23 – 27 APRIL: PARIS, FRANCE
Continued from part 13: Day three in Paris
26 April: The creepy underground of Paris’ catacombs
As you’ll know from our visit to the Capuchin Crypts in Rome, I have a slightly morbid fascination with the way in which human remains are on display. Growing up in South Africa, this is completely unheard of and more than a little eerie.
I also realised (a little belatedly) that this scene in the Court of Miracles from The Hunchback of Notre Dame was actually far more creepy than I initially thought as a child back in 1996.
The catacombs in Paris was one of the only attractions we couldn’t book tickets for before-hand and my only advice here is the GET THERE EARLY. We stood in line for two hours, as only a select amount of people are allowed in at any given time. There are numerous warnings to the faint-hearted about the catacombs’ confined spaces and somewhat disturbing displays of remains. In addition the passages accessible to the public form an almost 2km long labyrinth some 20m underground. This tour is not accessible to young children. Though cameras are allowed, you are not allowed to use flash and the conditions are very dim.
In comparison with the very stylised displays of the Capuchin Crypts, the catacombs seemed impersonal and gave a distinct “function over form” feel.The catacombs used to be stone quarries in the 1700s. Abandoned because of the dangerous conditions, these empty tunnels became the perfect place to store the remains of approximately 6 million people when the Paris cemeteries were filled up in the early 1800s. Along the path are signs showing the cemetery that the remains originated from, as well as the date on which they were moved.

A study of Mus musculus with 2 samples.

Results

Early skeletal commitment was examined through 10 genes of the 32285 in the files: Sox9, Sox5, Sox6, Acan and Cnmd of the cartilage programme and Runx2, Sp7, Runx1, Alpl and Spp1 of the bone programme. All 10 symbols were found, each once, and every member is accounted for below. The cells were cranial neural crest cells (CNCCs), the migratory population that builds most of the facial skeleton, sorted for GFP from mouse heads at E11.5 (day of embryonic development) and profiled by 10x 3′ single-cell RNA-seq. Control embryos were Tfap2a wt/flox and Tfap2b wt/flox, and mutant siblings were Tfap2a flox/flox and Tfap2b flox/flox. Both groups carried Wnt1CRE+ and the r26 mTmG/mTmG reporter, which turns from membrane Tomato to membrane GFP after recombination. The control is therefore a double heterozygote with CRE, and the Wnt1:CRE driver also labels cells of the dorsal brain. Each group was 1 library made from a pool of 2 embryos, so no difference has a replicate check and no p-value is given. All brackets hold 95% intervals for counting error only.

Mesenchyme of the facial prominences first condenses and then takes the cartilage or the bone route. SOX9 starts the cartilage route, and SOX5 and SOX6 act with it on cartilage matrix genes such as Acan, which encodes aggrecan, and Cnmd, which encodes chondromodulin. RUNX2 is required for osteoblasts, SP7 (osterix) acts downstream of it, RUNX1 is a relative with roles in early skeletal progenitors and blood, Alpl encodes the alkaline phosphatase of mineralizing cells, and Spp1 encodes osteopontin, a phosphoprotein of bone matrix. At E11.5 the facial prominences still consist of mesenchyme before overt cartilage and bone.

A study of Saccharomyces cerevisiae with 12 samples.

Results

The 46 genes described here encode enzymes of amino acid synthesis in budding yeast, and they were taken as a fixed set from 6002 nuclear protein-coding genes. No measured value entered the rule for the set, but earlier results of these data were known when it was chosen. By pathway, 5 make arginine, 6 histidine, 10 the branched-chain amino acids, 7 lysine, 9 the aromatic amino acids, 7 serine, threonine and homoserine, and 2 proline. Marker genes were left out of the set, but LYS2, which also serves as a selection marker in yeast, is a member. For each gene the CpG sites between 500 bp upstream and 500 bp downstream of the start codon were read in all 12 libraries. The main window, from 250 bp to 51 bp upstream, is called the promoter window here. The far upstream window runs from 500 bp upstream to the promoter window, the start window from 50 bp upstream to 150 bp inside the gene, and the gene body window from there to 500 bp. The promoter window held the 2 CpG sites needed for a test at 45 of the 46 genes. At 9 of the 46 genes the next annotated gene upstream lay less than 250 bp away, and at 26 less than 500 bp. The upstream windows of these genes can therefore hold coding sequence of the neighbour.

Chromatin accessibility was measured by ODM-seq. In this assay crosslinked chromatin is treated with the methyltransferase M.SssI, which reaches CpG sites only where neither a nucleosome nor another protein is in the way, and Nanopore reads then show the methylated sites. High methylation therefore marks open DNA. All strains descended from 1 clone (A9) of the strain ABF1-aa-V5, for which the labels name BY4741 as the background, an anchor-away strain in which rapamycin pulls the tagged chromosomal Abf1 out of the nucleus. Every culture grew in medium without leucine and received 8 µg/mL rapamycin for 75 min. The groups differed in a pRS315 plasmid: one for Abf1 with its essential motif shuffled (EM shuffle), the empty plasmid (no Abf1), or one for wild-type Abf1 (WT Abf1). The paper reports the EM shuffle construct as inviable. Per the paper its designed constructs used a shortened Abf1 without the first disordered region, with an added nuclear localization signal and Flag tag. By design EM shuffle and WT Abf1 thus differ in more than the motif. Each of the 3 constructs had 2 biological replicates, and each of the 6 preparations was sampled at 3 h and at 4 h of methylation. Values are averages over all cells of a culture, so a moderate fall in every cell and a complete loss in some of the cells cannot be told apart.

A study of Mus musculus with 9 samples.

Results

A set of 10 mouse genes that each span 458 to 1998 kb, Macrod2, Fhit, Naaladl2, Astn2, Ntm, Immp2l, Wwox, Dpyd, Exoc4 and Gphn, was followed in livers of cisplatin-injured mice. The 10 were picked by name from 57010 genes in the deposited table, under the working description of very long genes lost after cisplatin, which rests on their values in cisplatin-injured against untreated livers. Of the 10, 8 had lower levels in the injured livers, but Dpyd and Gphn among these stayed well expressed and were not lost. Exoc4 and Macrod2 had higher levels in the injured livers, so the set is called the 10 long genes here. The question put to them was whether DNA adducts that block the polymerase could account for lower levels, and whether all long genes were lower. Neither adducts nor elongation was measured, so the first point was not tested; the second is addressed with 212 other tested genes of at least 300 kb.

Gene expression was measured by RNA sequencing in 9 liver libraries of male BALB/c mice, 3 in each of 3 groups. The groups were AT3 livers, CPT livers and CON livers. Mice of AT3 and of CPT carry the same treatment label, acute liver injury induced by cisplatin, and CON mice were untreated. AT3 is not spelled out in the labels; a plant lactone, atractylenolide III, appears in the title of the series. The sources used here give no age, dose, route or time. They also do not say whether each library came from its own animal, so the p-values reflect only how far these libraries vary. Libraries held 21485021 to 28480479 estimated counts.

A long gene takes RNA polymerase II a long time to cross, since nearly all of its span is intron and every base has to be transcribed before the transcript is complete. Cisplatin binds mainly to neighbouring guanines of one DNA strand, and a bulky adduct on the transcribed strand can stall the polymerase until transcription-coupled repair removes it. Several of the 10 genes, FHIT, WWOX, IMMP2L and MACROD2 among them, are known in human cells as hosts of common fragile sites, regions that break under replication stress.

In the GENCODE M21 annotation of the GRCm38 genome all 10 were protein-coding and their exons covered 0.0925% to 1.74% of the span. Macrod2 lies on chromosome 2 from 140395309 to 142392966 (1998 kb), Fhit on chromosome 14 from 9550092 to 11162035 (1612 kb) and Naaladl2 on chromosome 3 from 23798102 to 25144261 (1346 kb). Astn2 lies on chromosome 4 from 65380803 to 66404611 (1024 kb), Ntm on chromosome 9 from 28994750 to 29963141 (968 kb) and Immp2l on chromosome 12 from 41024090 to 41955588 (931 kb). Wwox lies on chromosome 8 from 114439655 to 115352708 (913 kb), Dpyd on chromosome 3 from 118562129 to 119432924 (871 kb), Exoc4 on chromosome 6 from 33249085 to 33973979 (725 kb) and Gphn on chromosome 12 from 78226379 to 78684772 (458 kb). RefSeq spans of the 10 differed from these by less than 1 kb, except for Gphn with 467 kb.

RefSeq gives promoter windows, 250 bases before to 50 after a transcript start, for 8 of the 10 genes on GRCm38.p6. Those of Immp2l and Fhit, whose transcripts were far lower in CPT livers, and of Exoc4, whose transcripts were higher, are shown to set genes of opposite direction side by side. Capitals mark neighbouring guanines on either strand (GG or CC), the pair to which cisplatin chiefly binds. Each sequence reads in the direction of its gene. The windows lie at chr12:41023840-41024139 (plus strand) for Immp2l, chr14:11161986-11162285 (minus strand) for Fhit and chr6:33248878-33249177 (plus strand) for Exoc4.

I loved the experience and highly recommend it!
Our trip concludes: Three (very lazy) days in Amsterdam
Header photo by Deon Joubert.
All other images by the author: © catterflyworx 2012.
I’ve always wanted to go to the Capuchin Crypts but for some reason never have. I’ll have to make a go for the catacombs too next time I’m in that area. So VERY interesting. Were you able to see St Peter’s tomb under the basilica in Rome? You need to book a reservation a couple months ahead of time but its very cool. Lots of history on top of history.
We didn’t visit St. Peter’s tomb, but really enjoyed all the time we spent in Rome. Both the Capuchin Crypts and the catacombs were absolutely stunning in a totally bizarre way, I’d definitely add it to my list if I were you!